Wild Birds

Streaked Flycatchers

The Streaked Flycatchers, Myiodynastes maculatus, is a passerine bird in the tyrant flycatcher family.

Distribution / Habitat:

It breeds from Mexico, Trinidad and Tobago south to Bolivia and Argentina.

The southern form M. m. solitarius migrates to Venezuela and the Guianas from March to September.

This species is found at the edges of forests and cocoa plantations.


The Streaked Flycatcher is 22 cm long, weighs 43g and has a strong black bill. The head is brown with a concealed yellow crown patch, white supercilium (line above the eye) and dusky eye mask. The upper parts are brown with darker brown streaks on the back, rufous and white edges on the wings, and wide chestnut edges on the rump and tail. The underparts are yellowish-white streaked with brown.

Males and females look alike, but immature birds are brown whereas the adult is black. M. m. solitarius has black, rather than brown, streaking above and below.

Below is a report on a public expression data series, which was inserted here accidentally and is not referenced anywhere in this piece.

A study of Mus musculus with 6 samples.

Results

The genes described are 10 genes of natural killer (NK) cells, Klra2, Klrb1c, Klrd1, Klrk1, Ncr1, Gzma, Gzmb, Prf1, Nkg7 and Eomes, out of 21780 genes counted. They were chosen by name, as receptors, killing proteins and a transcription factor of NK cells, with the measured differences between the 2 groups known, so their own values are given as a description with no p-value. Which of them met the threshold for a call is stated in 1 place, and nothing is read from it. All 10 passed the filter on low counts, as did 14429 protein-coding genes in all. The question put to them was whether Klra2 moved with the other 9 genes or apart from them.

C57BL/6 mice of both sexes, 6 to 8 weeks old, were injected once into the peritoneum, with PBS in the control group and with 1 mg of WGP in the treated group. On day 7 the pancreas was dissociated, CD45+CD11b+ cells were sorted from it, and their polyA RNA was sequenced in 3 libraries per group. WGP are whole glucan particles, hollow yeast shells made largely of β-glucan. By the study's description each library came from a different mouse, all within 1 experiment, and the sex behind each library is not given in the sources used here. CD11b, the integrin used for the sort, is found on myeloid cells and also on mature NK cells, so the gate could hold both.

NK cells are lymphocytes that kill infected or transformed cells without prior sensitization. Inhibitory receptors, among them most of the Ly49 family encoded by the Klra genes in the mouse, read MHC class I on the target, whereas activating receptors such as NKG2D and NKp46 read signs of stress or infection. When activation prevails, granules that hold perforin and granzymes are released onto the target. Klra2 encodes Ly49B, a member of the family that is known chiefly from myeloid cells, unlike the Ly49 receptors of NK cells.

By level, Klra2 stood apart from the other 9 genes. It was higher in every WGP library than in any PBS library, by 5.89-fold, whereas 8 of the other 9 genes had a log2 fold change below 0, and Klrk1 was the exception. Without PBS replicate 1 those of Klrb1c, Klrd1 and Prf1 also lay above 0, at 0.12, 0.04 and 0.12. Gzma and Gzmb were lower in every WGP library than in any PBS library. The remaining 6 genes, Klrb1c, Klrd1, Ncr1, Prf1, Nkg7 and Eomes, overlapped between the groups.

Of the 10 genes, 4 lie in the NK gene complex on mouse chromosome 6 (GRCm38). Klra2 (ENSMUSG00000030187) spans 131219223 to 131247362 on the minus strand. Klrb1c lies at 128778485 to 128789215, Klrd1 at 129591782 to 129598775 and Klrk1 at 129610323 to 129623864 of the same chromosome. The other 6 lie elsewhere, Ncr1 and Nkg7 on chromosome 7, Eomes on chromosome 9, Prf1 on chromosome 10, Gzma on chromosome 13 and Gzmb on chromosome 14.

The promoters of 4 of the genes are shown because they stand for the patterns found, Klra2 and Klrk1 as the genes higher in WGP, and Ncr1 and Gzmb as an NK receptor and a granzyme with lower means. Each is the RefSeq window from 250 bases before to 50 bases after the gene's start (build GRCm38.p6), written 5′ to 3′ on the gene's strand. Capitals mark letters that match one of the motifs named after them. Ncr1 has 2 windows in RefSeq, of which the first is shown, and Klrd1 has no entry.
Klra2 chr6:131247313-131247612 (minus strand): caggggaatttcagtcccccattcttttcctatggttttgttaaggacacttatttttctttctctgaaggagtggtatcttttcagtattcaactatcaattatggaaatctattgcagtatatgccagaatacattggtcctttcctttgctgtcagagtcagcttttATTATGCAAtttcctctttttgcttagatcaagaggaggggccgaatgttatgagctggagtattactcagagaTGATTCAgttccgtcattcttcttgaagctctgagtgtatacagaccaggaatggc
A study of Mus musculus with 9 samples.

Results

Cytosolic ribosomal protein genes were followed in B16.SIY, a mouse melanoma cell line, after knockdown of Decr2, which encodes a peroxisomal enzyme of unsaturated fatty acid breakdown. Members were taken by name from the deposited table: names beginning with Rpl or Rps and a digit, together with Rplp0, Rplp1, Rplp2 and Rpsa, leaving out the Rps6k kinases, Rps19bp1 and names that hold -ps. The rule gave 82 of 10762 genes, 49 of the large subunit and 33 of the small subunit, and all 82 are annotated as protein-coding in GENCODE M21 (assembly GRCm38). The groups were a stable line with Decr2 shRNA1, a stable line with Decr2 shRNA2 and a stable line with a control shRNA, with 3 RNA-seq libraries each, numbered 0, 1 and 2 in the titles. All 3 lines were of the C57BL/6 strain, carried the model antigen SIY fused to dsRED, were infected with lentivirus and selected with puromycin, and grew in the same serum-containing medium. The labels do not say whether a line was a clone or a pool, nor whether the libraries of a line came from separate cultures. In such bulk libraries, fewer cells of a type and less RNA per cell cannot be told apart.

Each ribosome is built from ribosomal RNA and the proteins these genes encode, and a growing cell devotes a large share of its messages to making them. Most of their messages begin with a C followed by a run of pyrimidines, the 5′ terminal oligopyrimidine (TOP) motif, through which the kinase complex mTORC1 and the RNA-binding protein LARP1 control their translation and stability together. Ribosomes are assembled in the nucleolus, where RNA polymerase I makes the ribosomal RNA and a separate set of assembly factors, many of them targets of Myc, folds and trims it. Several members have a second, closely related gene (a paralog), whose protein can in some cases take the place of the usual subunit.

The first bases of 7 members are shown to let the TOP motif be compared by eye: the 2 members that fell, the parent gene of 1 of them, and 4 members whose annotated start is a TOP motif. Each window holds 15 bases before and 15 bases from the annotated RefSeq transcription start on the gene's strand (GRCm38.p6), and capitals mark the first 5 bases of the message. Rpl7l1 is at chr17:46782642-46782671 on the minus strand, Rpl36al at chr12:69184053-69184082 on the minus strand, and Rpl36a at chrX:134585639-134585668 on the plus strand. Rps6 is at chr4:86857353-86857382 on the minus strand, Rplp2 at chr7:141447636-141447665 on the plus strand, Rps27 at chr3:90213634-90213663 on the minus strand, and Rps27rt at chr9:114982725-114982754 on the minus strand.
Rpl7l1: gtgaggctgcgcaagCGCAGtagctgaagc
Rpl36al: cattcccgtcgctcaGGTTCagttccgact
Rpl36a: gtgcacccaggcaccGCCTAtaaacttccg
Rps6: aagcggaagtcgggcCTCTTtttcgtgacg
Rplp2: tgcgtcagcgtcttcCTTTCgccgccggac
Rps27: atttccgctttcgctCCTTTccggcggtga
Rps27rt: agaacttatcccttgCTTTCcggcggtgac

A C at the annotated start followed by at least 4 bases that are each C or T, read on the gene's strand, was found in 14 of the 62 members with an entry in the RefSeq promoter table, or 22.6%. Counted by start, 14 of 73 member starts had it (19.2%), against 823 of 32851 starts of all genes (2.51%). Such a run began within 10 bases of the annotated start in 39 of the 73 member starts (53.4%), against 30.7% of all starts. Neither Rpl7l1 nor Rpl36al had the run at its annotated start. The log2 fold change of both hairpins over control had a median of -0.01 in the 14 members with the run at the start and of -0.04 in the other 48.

Breeding / Nesting:

The nest is an open cup of twigs and grasses placed in a tree hollow or sometimes a bromeliad.

The female builds the nest and incubates the typical clutch of two or three creamy-white eggs, which are marked with red-brown spots, for 16-17 days to hatching.

Both sexes feed the chicks, which fledge in a further 18-21 days.

Diet / Food:

Streaked Flycatchers eat a range of food items, mostly large insects, but also lizards, and berries. The wintering southern migrants seem to include a considerable amount of fruit in their diet.

It perches on a high watchpoint from which it sallies forth to catch flying insects.

Call / Song:

This is a conspicuous species, with a noisy sqEEE-zip call.


Gordon Ramel

Gordon is an ecologist with two degrees from Exeter University. He's also a teacher, a poet and the owner of 1,152 books. Oh - and he wrote this website.